Colman, Fran 2015. First, Catch Your Name … On Names and Word Classes, Especially in Old English. English Studies, Vol. 96, Issue. 3, p. 310.

    2014. Délimitation desADV(Instr)figés en polonais. Lingvisticae Investigationes, Vol. 36, Issue. 2, p. 244.

    Moskowich, Isabel 2008. “To Lerne Sciences Touching Nombres and Proporciouns”: The Proportion of Affixation in Early Scientific Writing. English Studies, Vol. 89, Issue. 1, p. 39.

    Meurman-Solin, Anneli 2007. Creating and digitizing language corpora.

    Osborne, Timothy 2006. Parallel Conjuncts. Studia Linguistica, Vol. 60, Issue. 1, p. 64.

    Anderson, John M. 2004. Contrast in phonology, structural analogy, and the interfaces. Studia Linguistica, Vol. 58, Issue. 3, p. 269.

    Tremblay, Mireille 1999. Du statut des prépositions dans la grammaire. Revue québécoise de linguistique, Vol. 27, Issue. 2, p. 167.

    Anderson, John 1998. A core morphology for Old English verbs. English Language and Linguistics, Vol. 2, Issue. 02,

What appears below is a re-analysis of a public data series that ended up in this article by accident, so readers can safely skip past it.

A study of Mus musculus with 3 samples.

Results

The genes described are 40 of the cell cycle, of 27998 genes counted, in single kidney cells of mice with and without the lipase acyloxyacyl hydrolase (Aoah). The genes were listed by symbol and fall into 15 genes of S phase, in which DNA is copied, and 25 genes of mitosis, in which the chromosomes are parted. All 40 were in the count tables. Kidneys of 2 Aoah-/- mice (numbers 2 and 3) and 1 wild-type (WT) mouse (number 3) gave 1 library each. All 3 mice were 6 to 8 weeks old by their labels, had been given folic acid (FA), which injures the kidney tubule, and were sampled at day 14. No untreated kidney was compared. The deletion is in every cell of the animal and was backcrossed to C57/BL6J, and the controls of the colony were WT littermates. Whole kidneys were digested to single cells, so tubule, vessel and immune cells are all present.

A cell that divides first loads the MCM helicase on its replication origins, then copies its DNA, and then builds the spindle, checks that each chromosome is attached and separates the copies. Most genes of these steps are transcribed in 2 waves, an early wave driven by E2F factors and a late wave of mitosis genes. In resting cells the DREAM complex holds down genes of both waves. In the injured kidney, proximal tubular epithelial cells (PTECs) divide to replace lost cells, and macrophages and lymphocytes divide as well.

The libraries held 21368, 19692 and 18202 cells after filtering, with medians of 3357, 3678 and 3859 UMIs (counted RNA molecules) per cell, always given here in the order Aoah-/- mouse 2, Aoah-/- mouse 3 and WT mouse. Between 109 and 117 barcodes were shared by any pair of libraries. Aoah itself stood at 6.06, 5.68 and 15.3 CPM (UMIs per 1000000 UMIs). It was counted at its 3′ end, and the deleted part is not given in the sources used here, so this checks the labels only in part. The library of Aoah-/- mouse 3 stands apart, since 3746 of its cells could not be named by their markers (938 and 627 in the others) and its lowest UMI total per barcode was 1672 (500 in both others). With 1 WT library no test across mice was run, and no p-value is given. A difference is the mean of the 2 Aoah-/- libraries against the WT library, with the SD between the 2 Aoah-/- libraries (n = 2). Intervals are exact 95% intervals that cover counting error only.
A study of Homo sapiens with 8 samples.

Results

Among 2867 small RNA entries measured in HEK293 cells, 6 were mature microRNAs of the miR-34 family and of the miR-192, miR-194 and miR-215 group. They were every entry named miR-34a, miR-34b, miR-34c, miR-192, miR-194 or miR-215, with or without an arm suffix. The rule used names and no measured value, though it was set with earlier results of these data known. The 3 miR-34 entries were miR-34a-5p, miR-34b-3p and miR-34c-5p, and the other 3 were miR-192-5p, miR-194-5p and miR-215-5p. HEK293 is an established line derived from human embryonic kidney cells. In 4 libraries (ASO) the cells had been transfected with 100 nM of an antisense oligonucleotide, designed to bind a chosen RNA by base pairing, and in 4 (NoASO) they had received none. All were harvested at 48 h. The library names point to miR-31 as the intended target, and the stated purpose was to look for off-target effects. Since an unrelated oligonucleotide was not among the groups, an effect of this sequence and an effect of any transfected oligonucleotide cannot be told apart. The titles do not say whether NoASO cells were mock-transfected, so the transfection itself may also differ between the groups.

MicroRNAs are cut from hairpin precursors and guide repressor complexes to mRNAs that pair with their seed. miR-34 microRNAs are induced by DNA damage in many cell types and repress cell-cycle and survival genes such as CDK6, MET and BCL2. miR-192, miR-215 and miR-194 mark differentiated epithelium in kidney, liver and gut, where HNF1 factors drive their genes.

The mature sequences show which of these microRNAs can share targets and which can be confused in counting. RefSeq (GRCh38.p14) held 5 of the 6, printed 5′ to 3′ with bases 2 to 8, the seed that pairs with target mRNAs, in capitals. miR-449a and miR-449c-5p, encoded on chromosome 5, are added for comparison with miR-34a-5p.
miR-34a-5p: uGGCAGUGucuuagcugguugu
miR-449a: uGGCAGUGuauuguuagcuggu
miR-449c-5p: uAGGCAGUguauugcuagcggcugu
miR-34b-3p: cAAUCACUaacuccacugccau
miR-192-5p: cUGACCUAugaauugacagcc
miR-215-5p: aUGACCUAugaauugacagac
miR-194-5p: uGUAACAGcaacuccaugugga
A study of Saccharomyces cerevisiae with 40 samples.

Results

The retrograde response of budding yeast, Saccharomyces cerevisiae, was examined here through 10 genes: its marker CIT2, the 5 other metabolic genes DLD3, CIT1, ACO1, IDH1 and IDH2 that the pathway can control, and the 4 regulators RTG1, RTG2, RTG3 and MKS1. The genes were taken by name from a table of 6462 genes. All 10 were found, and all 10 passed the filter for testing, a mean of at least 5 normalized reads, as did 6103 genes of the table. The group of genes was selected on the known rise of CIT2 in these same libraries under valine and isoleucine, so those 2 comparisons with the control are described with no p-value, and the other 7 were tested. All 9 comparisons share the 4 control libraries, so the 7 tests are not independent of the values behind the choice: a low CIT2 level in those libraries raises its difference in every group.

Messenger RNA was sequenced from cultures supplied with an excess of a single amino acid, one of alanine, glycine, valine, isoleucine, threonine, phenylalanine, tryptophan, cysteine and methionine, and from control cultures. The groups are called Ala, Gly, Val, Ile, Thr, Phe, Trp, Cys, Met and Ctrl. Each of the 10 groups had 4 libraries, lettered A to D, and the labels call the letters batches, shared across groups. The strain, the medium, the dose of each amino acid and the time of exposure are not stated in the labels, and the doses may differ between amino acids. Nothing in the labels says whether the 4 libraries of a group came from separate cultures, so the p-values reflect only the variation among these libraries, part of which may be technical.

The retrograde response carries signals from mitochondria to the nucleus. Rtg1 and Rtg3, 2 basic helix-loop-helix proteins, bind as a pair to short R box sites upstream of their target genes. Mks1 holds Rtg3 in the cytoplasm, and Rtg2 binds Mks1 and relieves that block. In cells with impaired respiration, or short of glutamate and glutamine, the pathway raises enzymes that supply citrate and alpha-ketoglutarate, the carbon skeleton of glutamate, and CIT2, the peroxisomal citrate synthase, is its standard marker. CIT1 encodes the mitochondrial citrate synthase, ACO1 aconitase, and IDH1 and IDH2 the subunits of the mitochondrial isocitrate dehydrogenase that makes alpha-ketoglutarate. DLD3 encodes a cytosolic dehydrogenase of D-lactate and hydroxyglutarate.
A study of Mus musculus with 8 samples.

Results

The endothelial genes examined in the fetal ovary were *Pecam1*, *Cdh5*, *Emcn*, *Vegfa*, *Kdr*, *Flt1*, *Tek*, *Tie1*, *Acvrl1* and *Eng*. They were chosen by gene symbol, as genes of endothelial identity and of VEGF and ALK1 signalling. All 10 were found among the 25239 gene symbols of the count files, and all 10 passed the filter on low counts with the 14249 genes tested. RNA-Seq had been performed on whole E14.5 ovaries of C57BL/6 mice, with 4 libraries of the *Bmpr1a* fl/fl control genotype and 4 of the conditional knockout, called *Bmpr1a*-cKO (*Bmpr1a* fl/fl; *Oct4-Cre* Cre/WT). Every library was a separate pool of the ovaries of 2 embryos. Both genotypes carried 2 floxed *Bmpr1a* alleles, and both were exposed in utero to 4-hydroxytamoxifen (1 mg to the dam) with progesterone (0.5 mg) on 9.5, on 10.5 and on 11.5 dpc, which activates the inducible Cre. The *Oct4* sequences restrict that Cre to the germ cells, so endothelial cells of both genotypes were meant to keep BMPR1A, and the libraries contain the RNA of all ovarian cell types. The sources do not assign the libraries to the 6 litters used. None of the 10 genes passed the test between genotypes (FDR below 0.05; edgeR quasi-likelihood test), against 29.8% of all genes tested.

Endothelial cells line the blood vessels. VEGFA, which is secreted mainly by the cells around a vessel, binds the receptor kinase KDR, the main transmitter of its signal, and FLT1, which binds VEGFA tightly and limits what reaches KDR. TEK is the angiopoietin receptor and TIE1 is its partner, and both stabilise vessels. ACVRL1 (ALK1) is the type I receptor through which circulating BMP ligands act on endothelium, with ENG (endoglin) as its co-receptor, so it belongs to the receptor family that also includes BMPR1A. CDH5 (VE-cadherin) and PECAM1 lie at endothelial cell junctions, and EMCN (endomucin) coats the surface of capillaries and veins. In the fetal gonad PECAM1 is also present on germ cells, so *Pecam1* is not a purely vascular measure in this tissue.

This book presents an innovative theory of syntactic categories and the lexical classes they define. It revives the traditional idea that these are to be distinguished notionally (semantically). It allows for there to be peripheral members of a lexical class which may not obviously conform to the general definition. The author proposes a notation based on semantic features which accounts for the syntactic behaviour of classes. The book also presents a case for considering this classification - again in rather traditional vein - to be basic to determining the syntactic structure of sentences. Syntactic structure is thus erected in a very restricted fashion, without recourse to movement or empty elements.